The long hot summer in much of Europe, the western US and China is a reminder that the climate has a major economic effect. From the need to adapt infrastructure to changing consumer behaviour to population movement, climate change and the move to net zero is influencing investment decisions around the world.
At the heart of the global effort to address rising global temperatures is the Paris Agreement, which seeks to reach global net zero emissions by the middle of this century. Investors and pension savers together control huge flows of money which can be used to influence this outcome.
Here are three ways net zero will affect investing over the coming years.
1. Decarbonising to create net zero portfolios
Many investment managers have set aims to achieve net zero within the assets they hold on behalf of pension and investment savers. For example, Zurich and Phoenix Group (owner of Standard Life in Ireland) intend to achieve net zero across their investment portfolios by 2050.
Phoenix’s interim targets include a 25% reduction in the carbon emissions intensity of the listed equities and bonds (worth around €185 billion) over which they have control by 2025.
Similarly Zurich (and many others) are measuring and reporting on progress towards their longer-term targets.
Decarbonising investment portfolios will involve huge change to investment portfolios over the years to come. On one hand, there is opportunity: to finance a new kind of economy, to grow new technologies, and to reap profits as adoption becomes widespread. There is also risk, and no doubt there will be many false starts along the way.
But doing nothing carries great risk as well. There’s risk to the climate itself of course. But for investors, failing to adapt can mean hard losses. There’s early evidence, for example, that tourists’ preference for times and locations of holidays is changing to avoid the heatwaves seen in southern Europe and elsewhere in recent years.
To take another example, oil company Shell has identified commercial risk related to climate as follows:
The transition to a low-carbon economy may lead to lower sales volumes and/or margins due to a general reduction or elimination of demand for oil and gas products, possibly resulting in underutilised or stranded oil and gas assets and a failure to secure new opportunities.
Changing preferences of investors and financial institutions could reduce access to and increase the cost of capital.
Shell investors could be left owning oil fields that can never be pumped, or paying higher costs to run its business as the move to net zero gathers pace.
This change is already well underway – for example, last December Europe’s largest bank, HSBC, announced it would no longer fund new oil and gas fields, making it harder for petroleum companies to finance their day-to-day business.
2. Governance and ESG integration
The second area where investors have major influence is in the governance of big business. Environmental, social and governance investment criteria (“ESG”) have been rising up the agenda for some years.
In the context of net zero, governance is about engaging with the leaders of the businesses in which fund managers invest. Sure, there are some industries which it’s almost certain are incompatible with a net zero future – for example, coal mining and electricity generation. Fund managers serious about net zero will likely divest of these industries altogether.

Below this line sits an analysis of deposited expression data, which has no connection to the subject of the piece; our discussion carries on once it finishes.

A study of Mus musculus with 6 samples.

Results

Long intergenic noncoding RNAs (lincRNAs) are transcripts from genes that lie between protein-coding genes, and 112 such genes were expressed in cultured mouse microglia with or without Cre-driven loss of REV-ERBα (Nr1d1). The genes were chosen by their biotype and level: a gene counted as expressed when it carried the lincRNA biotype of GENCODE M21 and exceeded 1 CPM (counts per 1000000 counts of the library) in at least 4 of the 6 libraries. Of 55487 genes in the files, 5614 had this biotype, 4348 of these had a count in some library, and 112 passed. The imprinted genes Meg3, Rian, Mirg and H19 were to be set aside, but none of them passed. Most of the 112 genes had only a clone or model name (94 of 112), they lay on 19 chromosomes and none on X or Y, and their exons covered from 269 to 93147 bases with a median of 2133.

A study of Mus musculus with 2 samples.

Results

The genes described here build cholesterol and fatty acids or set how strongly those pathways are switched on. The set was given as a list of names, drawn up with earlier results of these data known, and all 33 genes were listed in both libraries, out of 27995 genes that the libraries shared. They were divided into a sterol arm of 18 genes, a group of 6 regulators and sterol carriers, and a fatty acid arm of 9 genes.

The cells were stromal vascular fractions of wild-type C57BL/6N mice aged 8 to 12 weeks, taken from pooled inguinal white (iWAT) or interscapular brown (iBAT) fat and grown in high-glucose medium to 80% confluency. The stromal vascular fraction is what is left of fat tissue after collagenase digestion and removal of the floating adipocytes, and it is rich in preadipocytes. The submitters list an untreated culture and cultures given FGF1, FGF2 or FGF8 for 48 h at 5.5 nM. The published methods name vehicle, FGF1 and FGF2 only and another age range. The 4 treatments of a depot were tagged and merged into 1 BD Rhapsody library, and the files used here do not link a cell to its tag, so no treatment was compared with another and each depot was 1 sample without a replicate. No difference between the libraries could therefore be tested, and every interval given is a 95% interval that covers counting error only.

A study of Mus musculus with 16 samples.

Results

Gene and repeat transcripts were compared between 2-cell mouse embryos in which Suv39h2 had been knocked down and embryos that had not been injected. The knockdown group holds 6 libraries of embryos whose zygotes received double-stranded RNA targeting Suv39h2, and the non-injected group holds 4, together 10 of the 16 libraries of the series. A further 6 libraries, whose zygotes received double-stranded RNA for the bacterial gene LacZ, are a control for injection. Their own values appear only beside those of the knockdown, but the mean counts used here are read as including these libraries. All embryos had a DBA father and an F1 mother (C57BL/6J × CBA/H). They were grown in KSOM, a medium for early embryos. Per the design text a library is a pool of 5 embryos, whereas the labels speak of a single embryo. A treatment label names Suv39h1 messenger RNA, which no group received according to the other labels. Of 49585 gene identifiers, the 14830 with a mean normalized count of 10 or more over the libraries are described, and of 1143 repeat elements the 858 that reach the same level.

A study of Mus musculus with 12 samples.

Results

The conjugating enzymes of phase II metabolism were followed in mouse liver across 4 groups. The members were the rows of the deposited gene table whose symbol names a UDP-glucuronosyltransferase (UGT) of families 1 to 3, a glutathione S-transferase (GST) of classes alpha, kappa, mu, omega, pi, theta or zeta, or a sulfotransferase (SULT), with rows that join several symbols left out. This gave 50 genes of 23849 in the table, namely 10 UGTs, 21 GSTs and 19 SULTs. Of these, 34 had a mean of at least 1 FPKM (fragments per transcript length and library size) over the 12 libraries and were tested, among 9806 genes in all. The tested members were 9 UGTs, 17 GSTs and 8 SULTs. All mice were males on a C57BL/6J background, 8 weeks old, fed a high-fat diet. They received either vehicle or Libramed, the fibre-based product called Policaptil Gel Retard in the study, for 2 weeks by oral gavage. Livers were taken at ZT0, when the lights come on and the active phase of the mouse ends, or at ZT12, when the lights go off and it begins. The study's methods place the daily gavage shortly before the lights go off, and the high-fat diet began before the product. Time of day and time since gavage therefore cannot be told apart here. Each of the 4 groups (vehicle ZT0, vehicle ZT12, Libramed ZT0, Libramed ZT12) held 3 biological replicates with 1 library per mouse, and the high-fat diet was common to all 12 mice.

But for most industries, fund managers want to engage with business leaders and influence the decarbonisation of their business over time. To take the example of HSBC again, their climate policy aims to balance three objectives:
Driving down global greenhouse gas emissions
The need to enable an orderly transition that builds resilience in the longer term, and
The need to support a just and affordable transition.
3. Financing the green transition
Net zero for investors is not just about managing existing investments: there is a huge opportunity to make new ones.
Consider for example, the need to climate-proof much of Ireland’s eastern seaboard as sea levels rise. Many of the country’s major economic assets, from the IFSC to Dublin Port to the proposed National Maternity Hospital are obviously exposed. On a global level, many billions will require to be spent to protect such assets.
Ireland’s eastern seaboard looks exposed to rising sea levels
In fact, financing the green transition affects almost every asset class. While equities will increasingly be driven by economic activity like the construction demand described above, the bond market is already open for business in raising capital for environmentally beneficial projects via green bonds.
ESB – which is targeting net zero by 2040 – issued Ireland’s first corporate public green bond in 2019, a €698 million facility mainly used to finance wind farm investment.
And commercial property investment also has a major role to play in the green transition. It’s estimated that the build environment is responsible for 30-40% of global emissions, so reducing that level is vital to hitting net zero targets.
It’s still early days on the road to net zero. But the journey is underway, and it seems likely the pace will change, perhaps very rapidly, with twists and turns along the way.
That will mean big shifts of global capital to adapt to our changing world. Here’s the view of the BlackRock Investment Institute, the analysis team run by BlackRock, the world’s largest asset manager:
The coming capital reallocation is not yet in prices: this long transition in sustainable preferences and practices will make some assets more expensive (those with high sustainability) and others cheaper (those with low sustainability).